Buying SGBs is a better alternative to holding physical gold
07-Apr-2023 •Research Desk
While it's true Indians love gold, we would never advise you to invest in gold. It is a pretty 'blah' investment option because they don't grow your wealth in the long run.
That said, if you are still sold on gold, we'd suggest investing in sovereign gold bonds (SGB) only. (Not gold mutual funds because they recently lost their indexation benefits). So, without wasting more time, let's deconstruct SGB for you.
What are SGBs exactly?
SGBs are issued by the RBI. They are a safer, reliable substitute to holding actual gold.
These bonds basically track the price of one gram of gold.
SGBs are issued in batches called 'tranches' on specific dates during the year.
These gold bonds usually have an eight-year maturity period. We'll explain the significance of this in a bit.
Do sovereign gold bonds provide decent returns?
SGB returns are dependent on the market price of gold at the time of liquidating your investment.
You will also receive a further 1.25 per cent interest every six months (2.50 per cent per annum) on the issue price first launched by the RBI, something physical gold and gold funds don't offer.
What's more, the gains you make on SGB are tax-free if held until maturity. But even if you don't, you'll receive indexation benefits, which means your post-tax returns will be higher than gold fund investments.
Where can I buy them?
You can purchase SGBs when the RBI (Reserve Bank of India) issues them. Banks and designated post offices are your go-to purchase points in this case.
Is there a better way to buy SGB?
You actually don't need to wait for the RBI to issue fresh SGBs.
You can simply buy them from the stock exchanges (BSE or NSE) whenever you wish.
All you need is a demat account.
Also, bear in mind that the maximum number of SGBs you can buy is equivalent to 4 kg of gold per fiscal year, irrespective of where you buy it from.
In case you are holding SGB jointly, this 4 kg limit will be applicable to the primary holder only.
I heard there are advantages to buying SGBs from the stock exchange. Is it true?
That's right. You can actually buy SGBs at a discount on the exchange.
For instance, the market price of one gram of 24-carat gold that cost Rs 6,062 on April 6, 2023, was available at a discounted price of Rs 5,605 (2028 Trache VI cost).
The cost at the exchange is lower because there are more sellers than buyers on the exchange.
Since I can buy SGBs at a discount on the stock exchange, it will benefit me in the long run, right?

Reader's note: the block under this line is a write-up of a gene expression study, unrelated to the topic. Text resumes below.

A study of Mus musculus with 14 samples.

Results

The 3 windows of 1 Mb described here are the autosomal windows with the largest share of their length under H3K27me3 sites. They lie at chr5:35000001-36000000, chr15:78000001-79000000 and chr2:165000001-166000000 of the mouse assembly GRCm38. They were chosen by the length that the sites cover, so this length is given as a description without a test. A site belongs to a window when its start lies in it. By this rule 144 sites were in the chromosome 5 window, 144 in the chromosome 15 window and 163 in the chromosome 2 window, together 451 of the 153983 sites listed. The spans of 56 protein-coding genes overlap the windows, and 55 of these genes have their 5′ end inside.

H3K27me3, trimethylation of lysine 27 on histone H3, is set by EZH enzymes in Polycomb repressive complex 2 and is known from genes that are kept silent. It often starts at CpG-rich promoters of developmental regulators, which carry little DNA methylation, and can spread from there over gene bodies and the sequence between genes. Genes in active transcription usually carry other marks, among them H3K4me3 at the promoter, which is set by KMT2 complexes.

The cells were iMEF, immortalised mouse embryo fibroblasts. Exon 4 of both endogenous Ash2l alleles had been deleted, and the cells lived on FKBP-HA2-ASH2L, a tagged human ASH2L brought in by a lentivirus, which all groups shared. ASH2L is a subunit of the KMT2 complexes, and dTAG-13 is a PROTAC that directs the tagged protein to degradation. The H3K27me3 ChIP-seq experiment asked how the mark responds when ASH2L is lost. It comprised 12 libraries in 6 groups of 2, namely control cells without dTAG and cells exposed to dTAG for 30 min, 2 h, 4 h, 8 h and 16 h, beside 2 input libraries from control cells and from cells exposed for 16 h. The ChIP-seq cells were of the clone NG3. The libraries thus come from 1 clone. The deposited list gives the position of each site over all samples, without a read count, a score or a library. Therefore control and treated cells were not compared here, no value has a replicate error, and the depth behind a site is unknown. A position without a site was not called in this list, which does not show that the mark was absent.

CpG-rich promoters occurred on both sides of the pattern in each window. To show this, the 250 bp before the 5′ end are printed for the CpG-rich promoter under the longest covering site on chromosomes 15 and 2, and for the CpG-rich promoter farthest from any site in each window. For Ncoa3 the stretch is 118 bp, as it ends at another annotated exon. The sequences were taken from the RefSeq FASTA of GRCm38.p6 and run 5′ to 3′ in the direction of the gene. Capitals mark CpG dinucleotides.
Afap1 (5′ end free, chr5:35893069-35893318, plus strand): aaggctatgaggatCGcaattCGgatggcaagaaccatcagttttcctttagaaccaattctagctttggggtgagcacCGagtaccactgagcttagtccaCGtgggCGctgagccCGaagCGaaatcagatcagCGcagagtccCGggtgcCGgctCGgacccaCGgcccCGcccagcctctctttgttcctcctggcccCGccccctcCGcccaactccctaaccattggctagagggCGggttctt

Yes and no.
Remember we said SGBs have an eight-year maturity period? What it means is that if you try to sell your SGB investment before it matures, you'll have to sell them at a discounted price as well. Plus, you'll have to pay taxes!
On the other hand, if you wait until your SGB investment matures, you will receive the market price of gold, which is always higher than the price of SGB on the stock exchanges. You'll also get tax benefits. We'll explain this in the next frequently-asked question.
There are so many different tranches on the stock exchanges. Which one should I buy?
First and foremost is liquidity. Look at SGBs that have high liquidity. In simple words, look at SGBs that can be easily sold. Because if you can't do that, you'd be compelled to sell it at a big discount.
Second, ensure your buying price is lower than the issue price. (Issue price is the price at which the RBI had originally launched the SGB tranche).
How is my SGB investment taxed?
If you sell SGB within one year (in the secondary market)
The gains you make will be added to your annual income and then taxed as per your income tax slab.
If you sell SGB after one year (in the secondary market)
Your gains will be taxed at 20 per cent. However, you'll receive indexation benefits, lowering your tax liability. (Indexation adjusts for inflation before calculating tax).
If you wait for SGB to mature...
If you can hold SGB until its maturity, you won't have to pay any tax!
The SGB pays me interest twice a year. Is that taxed?
Yes. It is added to your annual income and taxed as per your income tax slab.
Can my family claim these SGBs if something happens to me?
Is there anything else I should keep in mind?
Suggested watch: Should I buy an SGB from the stock exchange?